Working from home is the new corporate reality for the foreseeable future in Charlotte

Working from home is the new corporate reality for the foreseeable future in Charlotte

A few months ago, I wrote about Charlotte companies that’ve told employees to work from home for the remainder of 2020.

At the time, it felt like such companies were maybe an anomaly. Looking ahead six months and forecasting that conditions won’t yet be safe enough to allow employees to return to in-person work? Seemed like a very cautious move.

Now, it’s sounding more like that’s the norm. A recent Conference Board survey found that only 28 percent of American workers expect to return to the office by the end of 2020.

Months ago, that would seem like a stunningly low portion. But it certainly jibes with what we’re seeing locally.


Last week, Indian Land-based Red Ventures told employees that they will not be required to come into the office at all in 2021, spokeswoman Maghan Cook confirmed. The digital marketing company has more than half of its nearly 3,000 employees based in the Charlotte area.

There are benefits and drawbacks of this new corporate reality.

Commutes are nonexistent as people continue to work from home, so traffic has been much lighter in Charlotte.

Workers like the extra time saved from driving, and the autonomy of working remotely.

Greg Cauble is a testing technician for AT&T, responsible for assisting customers and government agencies with installing new services. He doesn’t expect to return to the office until the middle of 2021 — and he’s not complaining.

“I love working from home. The only thing I don’t like is that my fridge is 10 feet from my desk,” Cauble said.

On the downside, it’s harder to maintain office camaraderie over Slack than it is over the water cooler.

Plus, office-heavy areas like Uptown have taken a hit as workers stay at home. That’s prompted the closure of many beloved local spots, like Amelie’s and The Wooden Vine, though Uptown boosters are working overtime to make the neighborhood attractive still through efforts like street dining and live performances.

I checked in with a handful of major employers around Charlotte with more than 53,000 local employees combined. These days, only a few hundred are physically going into the office.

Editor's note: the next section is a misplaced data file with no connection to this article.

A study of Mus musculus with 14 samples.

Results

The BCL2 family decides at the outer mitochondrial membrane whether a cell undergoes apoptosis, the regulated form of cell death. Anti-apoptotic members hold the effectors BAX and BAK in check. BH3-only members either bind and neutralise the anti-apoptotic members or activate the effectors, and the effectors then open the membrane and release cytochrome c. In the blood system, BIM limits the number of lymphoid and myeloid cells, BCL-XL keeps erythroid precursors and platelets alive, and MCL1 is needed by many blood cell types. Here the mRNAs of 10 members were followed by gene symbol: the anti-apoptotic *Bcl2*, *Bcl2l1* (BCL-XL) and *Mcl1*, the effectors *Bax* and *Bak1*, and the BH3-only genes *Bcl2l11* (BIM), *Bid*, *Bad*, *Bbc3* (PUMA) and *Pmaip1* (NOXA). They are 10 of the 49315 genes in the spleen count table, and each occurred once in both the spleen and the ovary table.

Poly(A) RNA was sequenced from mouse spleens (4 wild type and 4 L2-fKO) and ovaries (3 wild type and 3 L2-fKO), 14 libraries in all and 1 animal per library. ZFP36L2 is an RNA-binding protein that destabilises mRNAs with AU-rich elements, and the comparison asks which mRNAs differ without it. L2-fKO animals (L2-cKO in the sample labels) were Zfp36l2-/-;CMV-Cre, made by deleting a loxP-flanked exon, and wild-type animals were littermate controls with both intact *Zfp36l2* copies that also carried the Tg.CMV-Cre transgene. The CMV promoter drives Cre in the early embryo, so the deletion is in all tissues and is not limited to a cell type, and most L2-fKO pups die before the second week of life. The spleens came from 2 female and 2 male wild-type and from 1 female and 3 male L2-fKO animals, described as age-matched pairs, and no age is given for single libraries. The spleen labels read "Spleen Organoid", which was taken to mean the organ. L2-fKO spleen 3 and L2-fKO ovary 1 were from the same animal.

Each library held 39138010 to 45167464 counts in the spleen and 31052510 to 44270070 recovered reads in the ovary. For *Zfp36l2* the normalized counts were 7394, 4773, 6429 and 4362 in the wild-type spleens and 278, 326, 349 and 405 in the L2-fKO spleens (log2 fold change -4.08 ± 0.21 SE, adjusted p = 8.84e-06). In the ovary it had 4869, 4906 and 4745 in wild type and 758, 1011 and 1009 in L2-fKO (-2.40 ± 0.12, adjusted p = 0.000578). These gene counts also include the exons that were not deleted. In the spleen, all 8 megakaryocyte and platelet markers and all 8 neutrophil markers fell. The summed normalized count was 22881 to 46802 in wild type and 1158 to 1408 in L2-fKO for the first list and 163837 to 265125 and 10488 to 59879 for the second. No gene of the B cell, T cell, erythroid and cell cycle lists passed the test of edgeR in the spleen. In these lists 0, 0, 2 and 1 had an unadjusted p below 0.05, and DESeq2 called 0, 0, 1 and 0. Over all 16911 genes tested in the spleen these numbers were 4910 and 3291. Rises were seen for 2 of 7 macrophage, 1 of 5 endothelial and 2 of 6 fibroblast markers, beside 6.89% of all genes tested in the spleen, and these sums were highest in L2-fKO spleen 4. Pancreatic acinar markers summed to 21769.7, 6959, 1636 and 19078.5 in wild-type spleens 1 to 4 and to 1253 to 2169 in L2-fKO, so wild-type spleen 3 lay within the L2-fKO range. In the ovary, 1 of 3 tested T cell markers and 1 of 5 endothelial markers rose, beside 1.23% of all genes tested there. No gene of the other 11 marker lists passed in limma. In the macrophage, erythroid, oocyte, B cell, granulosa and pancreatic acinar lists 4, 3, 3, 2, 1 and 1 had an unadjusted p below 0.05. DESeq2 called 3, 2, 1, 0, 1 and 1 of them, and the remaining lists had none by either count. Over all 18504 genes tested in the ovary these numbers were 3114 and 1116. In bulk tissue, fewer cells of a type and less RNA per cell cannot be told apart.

Duke Energy, which employs about 6,000 corporate workers in the Charlotte region, is having employees return to work in phases. But these days, most people continue to work from home. At the office, the company is requiring masks and social distancing. So far, approximately 500 employees have returned to Charlotte facilities, such as Duke Energy Center,NASCAR tower, and Piedmont Natural Gas Building, spokesman Neil Nissan said. The company expects another 200 to 500 more employees to begin returning to work at Charlotte before the end of the year.

“Over the last few months we’ve demonstrated that we can have people safely occupy their work location, and we’ve applied these practices as we bring employees back,” Nissan said.

Wells Fargo, a San Francisco bank with 27,500 employees in the Charlotte region, its biggest employee base, is continuing with its current operating model. That means most employees remain at home through at least January 1, spokesman Josh Dunn said in an email. “We do not yet know when we’ll return to a more traditional operating model,” Dunn said.

David Felgner, a corporate employee in Wells Fargo’s marketing department, says it wouldn’t surprise him if he was working remotely for another six months.

“The novelty is definitely worn off,” Felgner said. “And you wonder why all those uptown restaurants are closing.”

Bank of America is still having the majority of its global workforce work from home. The bank, which employs about 16,000 in the Charlotte region, will return employees to the office in phases, spokesman Mark Pipitone said. It’ll invite some employees, including some traders, to return to the offices in various locations. “Employees have the option to remain in a work from home posture if they don’t feel comfortable returning to work,” Pipitone said.

More than 90 percent of LPL Financial‘s employees in Charlotte are working from home right now, according to Lauren Hoyt-Williams, VP of public relations. The Boston financial services company gave employees the choice to return to the office, but didn’t require anyone to.

“Right now we do not have a timeline for returning to the office,” Hoyt-Williams said.

Truist has about 2,000 employees in the Charlotte region, the majority of whom are continuing to work remotely. Those who have returned to work physically include those “serving clients in essential roles,” including at branches, call centers, and certain offices. The company recently postponed any large group gatherings through January 31, 2021. “Our decisions will continue to be guided by the most up-to-date guidance from health experts and the safety and well-being of our teammates, clients and communities,” spokeswoman Shelley Miller said.

Honeywell, the manufacturer that moved its headquarters to Charlotte in 2019, employs approximately 975 people locally. Recently, the company invited “a small number of senior executives and critical personnel” back to its offices in Uptown and Fort Mill, spokesman Eric Krantz said. “Most of our employees will keep working from home until further notice.”